During his State of the Union address, President Barack Obama promised to use the power of his pen to achieve the policy objectives that Congress continues to block. After advocating fairness and being rebuffed by Congress, the president chose to use the power of his pen to require federal contractors to pay workers at least $10.10 per hour, or $21,800 per year. That puts a single parent with two children below the poverty line.
Now the president is using the power of his pen to ensure that workers receive overtime pay. Currently the only workers required to receive overtime pay are those who earn $445 a week, about $11 an hour or $23,000 per year. The president has proposed that that amount be raised to somewhere between $550 and $970 a year. Splitting the difference means that those who earn about $760 a week or $39,500 a year would be entitled to overtime.
Already the business lobby has said that both a higher minimum wage and mandatory overtime cuts into their profits. Already they have talked about cutting the number of workers they will employ, and the number of hours they will employ people. These greedy corporate giants fail to note that while wages and salaries for the top one percent soared by nearly a third in the past three years, the wages of those in the remaining 99 percent rose by a fraction of one percent in three years. A worker earning $30,000 a year saw her wages rise to $30,300; someone earning $300,000 a year saw his wages rise to $396,000.
Clearly, those who earn $30,300, if not poor, are a stone’s throw away from poverty. These are the folks who struggle from paycheck to paycheck, who make decisions about whether to buy their children new shoes or pay the cable bill. These folks aren’t trying to purchase luxuries, and they aren’t looking for handouts. They just want to live decently, with enough food on the table, with bills paid, and with a little breathing room. These are folks who don’t take vacations. Luxury for them may mean a couple of days off to visit neighborhood parks. Summertime, when the living is easy for children, may be a burden to those parents who can’t afford childcare.
With his effort to reduce income inequality and improve the lives of those at least the president is moving in the right direction. Unfortunately he can’t get enough members of Congress to follow, because they are committed to obstructionism. Aren’t there poor people in these republican districts? Are they willing to sacrifice the well being of their constituents to hold fast to party principles? Researchers should look at the levels of poverty in each Congressional district and shame these miscreants into doing the right thing.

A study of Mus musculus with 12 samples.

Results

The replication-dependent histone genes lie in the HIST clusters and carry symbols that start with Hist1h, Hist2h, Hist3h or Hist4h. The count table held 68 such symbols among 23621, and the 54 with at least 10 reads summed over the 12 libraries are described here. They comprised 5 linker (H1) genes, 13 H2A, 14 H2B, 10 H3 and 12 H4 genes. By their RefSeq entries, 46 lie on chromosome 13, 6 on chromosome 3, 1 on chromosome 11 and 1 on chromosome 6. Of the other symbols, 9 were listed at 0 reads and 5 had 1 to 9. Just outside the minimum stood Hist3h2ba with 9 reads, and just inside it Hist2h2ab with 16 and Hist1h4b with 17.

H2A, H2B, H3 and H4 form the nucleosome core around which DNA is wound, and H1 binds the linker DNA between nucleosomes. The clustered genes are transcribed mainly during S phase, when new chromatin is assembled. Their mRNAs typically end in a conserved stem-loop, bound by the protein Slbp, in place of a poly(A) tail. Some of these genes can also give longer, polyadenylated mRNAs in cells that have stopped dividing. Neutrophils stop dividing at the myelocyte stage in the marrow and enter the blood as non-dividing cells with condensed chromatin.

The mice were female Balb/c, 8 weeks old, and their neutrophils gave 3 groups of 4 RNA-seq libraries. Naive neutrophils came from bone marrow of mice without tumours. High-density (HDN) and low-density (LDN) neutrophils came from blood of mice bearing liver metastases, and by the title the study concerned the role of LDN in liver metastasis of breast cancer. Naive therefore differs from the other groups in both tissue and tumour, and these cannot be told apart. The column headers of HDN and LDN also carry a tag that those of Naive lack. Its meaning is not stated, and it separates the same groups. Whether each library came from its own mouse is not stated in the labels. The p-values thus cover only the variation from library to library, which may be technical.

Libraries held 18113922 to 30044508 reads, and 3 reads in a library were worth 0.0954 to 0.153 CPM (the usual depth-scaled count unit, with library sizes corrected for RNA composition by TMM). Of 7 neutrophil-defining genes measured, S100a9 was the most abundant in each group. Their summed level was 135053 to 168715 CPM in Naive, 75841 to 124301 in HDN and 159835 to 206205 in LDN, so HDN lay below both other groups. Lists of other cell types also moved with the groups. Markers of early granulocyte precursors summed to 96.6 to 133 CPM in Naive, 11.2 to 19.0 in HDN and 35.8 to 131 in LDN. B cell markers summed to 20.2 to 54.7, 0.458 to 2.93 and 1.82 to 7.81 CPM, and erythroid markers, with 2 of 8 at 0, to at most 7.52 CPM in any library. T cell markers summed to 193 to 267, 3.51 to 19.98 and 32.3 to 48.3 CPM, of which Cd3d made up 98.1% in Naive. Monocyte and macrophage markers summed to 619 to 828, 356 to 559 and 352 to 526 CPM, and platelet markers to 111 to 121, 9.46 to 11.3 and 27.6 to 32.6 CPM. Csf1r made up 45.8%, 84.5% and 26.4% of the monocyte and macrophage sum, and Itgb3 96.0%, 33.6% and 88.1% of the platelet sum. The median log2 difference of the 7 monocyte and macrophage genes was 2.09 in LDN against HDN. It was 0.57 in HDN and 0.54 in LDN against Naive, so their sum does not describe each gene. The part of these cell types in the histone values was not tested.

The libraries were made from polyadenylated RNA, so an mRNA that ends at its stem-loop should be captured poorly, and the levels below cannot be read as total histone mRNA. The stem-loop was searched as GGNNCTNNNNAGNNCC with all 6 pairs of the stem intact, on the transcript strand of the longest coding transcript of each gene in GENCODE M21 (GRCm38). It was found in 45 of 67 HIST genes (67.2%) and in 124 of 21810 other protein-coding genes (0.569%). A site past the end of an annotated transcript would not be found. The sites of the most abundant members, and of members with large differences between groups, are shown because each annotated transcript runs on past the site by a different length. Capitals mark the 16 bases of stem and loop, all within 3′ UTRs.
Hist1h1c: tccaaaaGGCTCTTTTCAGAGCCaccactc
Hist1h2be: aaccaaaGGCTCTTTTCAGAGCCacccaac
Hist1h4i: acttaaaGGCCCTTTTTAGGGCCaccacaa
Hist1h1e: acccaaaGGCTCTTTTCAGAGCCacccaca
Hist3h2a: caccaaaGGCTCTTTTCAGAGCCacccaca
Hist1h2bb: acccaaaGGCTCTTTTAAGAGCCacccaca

Republicans forget, and some democrats fail to argue, that increasing the economic well being of those at the bottom improves the nation’s economic status. Those at the bottom will use added wages to pay bills, to buy some of the things they’ve put off purchasing, to pump money into the economy. In contrast, those at the top are likely to save their money or invest it, failing to spend enough to trickle down their spending to benefit those at the bottom.
It is said that a rising tide lifts all boats. But some folks are riding a luxury yacht, while others are struggling to survive on a raft. The rising tides argument only works for those at the top who have seen their wages grow dramatically. Those at the bottom are barely floating on a tottering raft that has dozens of holes, as evidenced by their small pay increases, low wages, and lack of overtime.
To the extent that President Obama has the power of the pen he can both improve the lives of those at the bottom, but also remind us of the meaning of fair labor standards. This is a conversation our nation has not had in awhile. We have been content to let the wages of those at the bottom continue to drift downward, while using tax policy and fiction (rising tide) to enrich those at the top. What does it take to sensitize those at the top to the plight of those at the bottom? The Occupy movement looks better by the day.
Julianne Malveaux is a D.C.-based economist and writer and president emerita of Bennett College for Women.